When attempting to use Git for version control, or importing external packages on Microsoft Visual Studio 2015 – some enterprise users may come across the ECMDERR error. This is caused by a conflict between Git and Microsoft Visual Studio.
It appears that the issue occurs in a limited number of corporate or enterprise IT networks, and could be the result of stringent internal firewalls. Never-the-less, if you are developing web applications that use external libraries, chances are you will need Git to work.
For example, if you are using Bower as your package management tool, restoring the packages listed in your
bower.json file will give you the ECMDERR error.
There is a solution, and it will need (temporary) admin privileges on your machine.
You will need administrator privileges on your machine to install some software. You should also have some pre-existing code handy to test after working through this tutorial.
Step 1: Install Git for Windows. Follow the on-screen instructions to complete the installation. Most of the default settings will be fine, but when you are prompted how you would like to use Git from the command line, it is crucial that you select the option:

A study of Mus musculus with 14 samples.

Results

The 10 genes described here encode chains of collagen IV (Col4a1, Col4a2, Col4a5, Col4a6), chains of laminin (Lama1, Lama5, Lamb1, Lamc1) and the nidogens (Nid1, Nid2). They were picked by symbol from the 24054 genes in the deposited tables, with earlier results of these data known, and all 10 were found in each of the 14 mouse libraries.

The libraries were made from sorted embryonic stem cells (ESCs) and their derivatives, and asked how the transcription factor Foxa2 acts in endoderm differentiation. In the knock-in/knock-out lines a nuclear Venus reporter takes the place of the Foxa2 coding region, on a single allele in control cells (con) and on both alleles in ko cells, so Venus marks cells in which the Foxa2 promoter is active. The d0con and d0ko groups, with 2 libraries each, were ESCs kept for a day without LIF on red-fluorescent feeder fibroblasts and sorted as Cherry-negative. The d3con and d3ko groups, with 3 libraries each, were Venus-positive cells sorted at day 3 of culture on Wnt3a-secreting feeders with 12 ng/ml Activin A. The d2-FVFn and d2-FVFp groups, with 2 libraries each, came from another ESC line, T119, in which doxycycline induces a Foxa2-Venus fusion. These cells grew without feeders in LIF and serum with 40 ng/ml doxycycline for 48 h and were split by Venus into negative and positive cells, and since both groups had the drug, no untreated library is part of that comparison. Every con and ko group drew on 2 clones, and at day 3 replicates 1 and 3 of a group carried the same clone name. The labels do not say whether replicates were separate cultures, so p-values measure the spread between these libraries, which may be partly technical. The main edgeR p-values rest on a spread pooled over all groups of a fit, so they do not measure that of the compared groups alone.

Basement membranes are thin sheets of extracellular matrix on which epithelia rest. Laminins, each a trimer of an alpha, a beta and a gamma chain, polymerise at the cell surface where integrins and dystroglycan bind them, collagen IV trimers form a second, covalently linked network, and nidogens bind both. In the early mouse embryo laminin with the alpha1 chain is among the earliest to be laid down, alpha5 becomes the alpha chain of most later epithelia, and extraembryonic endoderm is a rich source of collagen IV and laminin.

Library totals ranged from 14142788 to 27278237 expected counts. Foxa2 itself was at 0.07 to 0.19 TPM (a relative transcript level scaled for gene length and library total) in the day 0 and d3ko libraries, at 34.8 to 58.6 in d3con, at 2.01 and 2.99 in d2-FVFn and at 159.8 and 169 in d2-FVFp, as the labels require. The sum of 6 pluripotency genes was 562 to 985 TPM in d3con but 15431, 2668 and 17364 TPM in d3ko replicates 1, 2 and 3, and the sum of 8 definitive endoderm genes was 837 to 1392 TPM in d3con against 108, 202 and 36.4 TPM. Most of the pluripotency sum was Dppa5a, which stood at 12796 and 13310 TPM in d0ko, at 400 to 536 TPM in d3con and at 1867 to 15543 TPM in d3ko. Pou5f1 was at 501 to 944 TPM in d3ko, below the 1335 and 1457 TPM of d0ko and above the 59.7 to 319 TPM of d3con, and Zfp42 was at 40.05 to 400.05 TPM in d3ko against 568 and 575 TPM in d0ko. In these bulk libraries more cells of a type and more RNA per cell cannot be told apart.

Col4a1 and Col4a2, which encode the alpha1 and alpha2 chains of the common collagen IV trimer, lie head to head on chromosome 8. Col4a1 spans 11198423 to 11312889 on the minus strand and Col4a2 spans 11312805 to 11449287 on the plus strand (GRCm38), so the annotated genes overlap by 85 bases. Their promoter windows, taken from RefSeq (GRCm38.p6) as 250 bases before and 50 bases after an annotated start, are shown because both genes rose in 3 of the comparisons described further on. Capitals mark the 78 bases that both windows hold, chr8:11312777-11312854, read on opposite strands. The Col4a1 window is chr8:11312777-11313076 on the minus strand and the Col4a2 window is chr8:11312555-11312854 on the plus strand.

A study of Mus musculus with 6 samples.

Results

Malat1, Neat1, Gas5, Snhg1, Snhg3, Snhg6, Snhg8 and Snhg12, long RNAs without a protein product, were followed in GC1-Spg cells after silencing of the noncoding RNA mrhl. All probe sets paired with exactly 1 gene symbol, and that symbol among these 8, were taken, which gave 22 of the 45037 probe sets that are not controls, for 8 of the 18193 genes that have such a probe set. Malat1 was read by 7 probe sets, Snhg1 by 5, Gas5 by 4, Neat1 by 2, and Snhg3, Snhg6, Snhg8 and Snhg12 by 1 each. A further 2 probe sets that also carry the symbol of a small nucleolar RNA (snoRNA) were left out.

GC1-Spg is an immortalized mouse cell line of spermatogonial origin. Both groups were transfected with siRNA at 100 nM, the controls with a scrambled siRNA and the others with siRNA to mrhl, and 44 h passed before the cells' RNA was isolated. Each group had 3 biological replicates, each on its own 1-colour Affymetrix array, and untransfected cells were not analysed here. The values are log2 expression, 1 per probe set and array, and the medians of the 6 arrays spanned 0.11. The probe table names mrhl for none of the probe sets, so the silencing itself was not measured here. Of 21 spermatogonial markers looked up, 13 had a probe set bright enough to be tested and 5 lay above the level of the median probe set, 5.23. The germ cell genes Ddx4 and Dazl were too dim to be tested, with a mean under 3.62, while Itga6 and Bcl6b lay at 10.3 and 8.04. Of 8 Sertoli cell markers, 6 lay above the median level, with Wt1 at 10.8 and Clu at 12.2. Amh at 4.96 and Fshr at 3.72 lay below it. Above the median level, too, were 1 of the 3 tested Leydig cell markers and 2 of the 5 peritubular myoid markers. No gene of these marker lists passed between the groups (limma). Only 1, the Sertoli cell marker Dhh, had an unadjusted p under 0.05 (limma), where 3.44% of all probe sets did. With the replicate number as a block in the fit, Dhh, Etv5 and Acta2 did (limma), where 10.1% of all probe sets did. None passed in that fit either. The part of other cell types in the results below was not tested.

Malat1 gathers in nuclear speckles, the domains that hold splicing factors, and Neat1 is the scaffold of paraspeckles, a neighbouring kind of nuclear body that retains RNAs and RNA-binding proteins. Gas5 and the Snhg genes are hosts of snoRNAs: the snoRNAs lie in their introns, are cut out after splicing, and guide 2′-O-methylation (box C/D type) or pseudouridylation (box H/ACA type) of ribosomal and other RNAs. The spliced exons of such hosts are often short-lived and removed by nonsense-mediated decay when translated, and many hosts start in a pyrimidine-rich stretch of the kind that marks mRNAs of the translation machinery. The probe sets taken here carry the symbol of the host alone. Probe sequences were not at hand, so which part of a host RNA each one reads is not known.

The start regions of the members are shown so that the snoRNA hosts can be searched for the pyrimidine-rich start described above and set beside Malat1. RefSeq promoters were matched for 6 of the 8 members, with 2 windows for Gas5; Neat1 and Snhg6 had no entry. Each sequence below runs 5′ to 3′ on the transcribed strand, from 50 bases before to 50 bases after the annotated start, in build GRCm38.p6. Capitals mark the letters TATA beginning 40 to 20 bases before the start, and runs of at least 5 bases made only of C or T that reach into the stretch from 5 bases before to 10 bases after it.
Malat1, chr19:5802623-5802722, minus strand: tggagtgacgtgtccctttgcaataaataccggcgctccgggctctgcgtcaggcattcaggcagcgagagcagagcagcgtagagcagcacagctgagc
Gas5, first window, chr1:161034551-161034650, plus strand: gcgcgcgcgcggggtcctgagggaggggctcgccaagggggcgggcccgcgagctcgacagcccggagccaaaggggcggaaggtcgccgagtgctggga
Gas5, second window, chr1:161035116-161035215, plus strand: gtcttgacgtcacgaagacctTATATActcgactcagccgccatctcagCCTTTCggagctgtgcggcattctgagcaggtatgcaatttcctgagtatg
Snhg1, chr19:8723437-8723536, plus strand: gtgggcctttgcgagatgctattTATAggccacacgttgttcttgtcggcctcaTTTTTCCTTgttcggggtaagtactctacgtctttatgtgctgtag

“Run Git from the Windows Command Prompt” as seen in the image below.
Step 2: Ensure Git has been installed successfully. Do this by opening Command Prompt and running the
git command. If you get a ‘Command not found’ error, there is a problem with your installation and you should follow the instructions posted here.
Step 3: Now we need to tell Visual Studio to use this external version of Git we have installed. We do this by launching Visual Studio 2015 > Tools > Options > Projects and Solutions > External Web Tools > Untick
Then click the Add icon in the same window and enter the following:
C:\Program Files\Git\bin. Ensure that the path to the Git folder is correct and accurate to your installation. For some users it may be Program Files(x86) instead.
Step 4: Restart Visual Studio 2015 and re-attempt the process that gave you the ECMDERR error. Since we have told Visual Studio to use the externally configured Git tool, installed correctly under administrator privileges, it should now work.